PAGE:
Ryan McDonald

Lifeguard history to be documented by HB Mural Project


by Ryan McDonald

Joanna Garel first turned her artist’s gaze on lifeguards out of necessity. The Toronto native moved to the South Bay more than 20 years ago, hoping to pursue a career in acting. She bought a Hap Jacobs surfboard and learned to surf in El Porto.

It wasn’t easy. “I was swallowing copious amounts of water,” Garel recalled with a laugh. But she found a bit of serenity in the lifeguard towers dotted along the sand.

“That’s what I would keep staring at between sets,” she said.

Soon, Garel hopes to draw on that inspiration for the latest installation of the Hermosa Beach Mural Project.

Now in its seventh year, the mural project is a community-driven effort to paint 10 murals in 10 years to beautify the town and capture aspects of its history. Previous efforts have documented surfing, jazz and, last year, beach volleyball. This year, the focus will be on the city’s lifeguards. The mural is slated for the east-facing wall on Mediterraneo restaurant on Pier Plaza. The mural will be about 20-feet-by-30-feet and will depict two lifeguards rowing a dory through big waves, with another watching from shore and the Palos Verdes Peninsula in the distance.

The Planning Commission must determine that the painting is indeed a mural and is permitted to exceed Hermosa’s signage rules, something each mural in the series has obtained, so far. The Planning Commission will review the mural proposal at its Sept. 19 meeting. Garel hopes to get started the next morning.

Mural Project board member George Schmeltzer said that Garel’s mural differs from others in recent years because the artist plans to paint directly on the wall, rather than on a fabric attached to the wall.

“One of the things we miss with the fabric is that the public doesn’t get the opportunity to watch the muralist work. People have mentioned that they enjoyed the opportunity to watch that,” Schmeltzer said.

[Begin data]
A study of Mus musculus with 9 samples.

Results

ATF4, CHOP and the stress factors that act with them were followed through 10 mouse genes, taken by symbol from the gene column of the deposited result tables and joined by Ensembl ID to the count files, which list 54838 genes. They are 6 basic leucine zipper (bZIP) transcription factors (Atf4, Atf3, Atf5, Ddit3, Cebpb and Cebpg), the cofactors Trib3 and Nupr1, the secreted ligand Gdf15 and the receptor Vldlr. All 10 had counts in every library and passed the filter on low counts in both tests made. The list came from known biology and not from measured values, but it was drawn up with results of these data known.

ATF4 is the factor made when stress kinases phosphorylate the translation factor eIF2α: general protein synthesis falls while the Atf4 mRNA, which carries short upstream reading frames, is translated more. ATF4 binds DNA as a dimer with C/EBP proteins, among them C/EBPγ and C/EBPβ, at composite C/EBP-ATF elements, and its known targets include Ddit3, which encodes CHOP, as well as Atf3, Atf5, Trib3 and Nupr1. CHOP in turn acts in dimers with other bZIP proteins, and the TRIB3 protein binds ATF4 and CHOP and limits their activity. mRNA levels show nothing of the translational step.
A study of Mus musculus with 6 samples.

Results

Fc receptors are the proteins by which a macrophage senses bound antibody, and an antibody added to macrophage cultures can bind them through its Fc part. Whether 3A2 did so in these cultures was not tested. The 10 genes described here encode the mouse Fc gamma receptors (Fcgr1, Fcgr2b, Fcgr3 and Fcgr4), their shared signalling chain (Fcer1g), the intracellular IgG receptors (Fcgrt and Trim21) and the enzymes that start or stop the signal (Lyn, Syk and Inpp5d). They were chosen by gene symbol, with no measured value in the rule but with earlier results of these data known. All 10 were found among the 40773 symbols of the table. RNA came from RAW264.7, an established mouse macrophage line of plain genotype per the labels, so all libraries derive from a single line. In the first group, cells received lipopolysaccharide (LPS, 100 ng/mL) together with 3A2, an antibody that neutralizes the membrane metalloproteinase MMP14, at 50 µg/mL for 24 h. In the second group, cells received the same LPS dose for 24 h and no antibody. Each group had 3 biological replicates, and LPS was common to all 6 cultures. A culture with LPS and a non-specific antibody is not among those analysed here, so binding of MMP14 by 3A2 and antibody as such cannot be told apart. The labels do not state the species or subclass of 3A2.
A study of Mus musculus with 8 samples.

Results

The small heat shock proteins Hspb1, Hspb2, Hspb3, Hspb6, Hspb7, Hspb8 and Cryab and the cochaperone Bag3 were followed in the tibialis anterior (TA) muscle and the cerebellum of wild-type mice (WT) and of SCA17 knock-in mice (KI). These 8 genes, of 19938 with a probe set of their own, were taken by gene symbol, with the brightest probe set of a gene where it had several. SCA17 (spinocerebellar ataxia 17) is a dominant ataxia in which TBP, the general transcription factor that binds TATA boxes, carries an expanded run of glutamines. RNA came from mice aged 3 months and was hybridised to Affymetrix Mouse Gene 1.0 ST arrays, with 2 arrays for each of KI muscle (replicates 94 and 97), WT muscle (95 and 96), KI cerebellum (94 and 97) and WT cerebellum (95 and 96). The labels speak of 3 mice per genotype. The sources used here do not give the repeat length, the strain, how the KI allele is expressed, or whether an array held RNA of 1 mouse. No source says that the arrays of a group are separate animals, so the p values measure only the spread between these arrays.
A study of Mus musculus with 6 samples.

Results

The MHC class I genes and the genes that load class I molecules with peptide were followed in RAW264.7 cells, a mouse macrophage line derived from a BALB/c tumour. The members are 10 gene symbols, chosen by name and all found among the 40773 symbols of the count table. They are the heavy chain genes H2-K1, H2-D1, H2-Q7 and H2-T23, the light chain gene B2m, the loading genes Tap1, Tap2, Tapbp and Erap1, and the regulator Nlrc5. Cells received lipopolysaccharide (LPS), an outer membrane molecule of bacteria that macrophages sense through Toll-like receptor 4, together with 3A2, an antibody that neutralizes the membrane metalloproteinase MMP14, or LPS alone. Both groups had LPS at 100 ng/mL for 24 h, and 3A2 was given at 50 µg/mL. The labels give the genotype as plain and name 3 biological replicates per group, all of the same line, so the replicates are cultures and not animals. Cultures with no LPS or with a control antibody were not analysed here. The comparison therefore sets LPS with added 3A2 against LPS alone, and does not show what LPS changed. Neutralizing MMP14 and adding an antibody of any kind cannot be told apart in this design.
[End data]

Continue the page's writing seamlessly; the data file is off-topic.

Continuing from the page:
The mural looks back to an earlier time when the city had its own crew of lifeguards, before relinquishing responsibility to the Los Angeles County in 1936. The goal, Schmeltzer said, is to expose both residents and visitors to things that they “might not know about Hermosa.”

“People will see the old-fashioned attire. Maybe it will at least get people talking about the old times,” he said.

Fellow board member Steve Izant said with the seventh mural planned out the board is starting to look to the next three years. They want to make sure that essential topics get their due. Izant mentioned punk rock and the beatnik favorite Insomniac Cafe as possibilities for the future. When all 10 are completed, the board hopes to create an app that offers a guided listening tour of all the murals.

“Hermosa has a rich history that we haven’t completely mined,” he said.

Garel, a Redondo Beach resident, said the board has been a guiding hand throughout the process. She was one of about 15 applicants the board considered.

“They have a really developed taste for the projects. It’s really clear how invested they are emotionally. They worry about it, but without dictating or overstepping their boundaries. They trust the artist, and it becomes more like a collective thing. They’ve been very respectful of my vision,” Garel said.

The seventh mural, like the others in the series, is being completed entirely through donations. On Nov. 1, the expected date of the unveiling, supporters will gather at Laurel Tavern on Hermosa Avenue for a fundraiser to keep the project going. Looking back at them, as the sun goes down, will be a bit of history painted on the wall.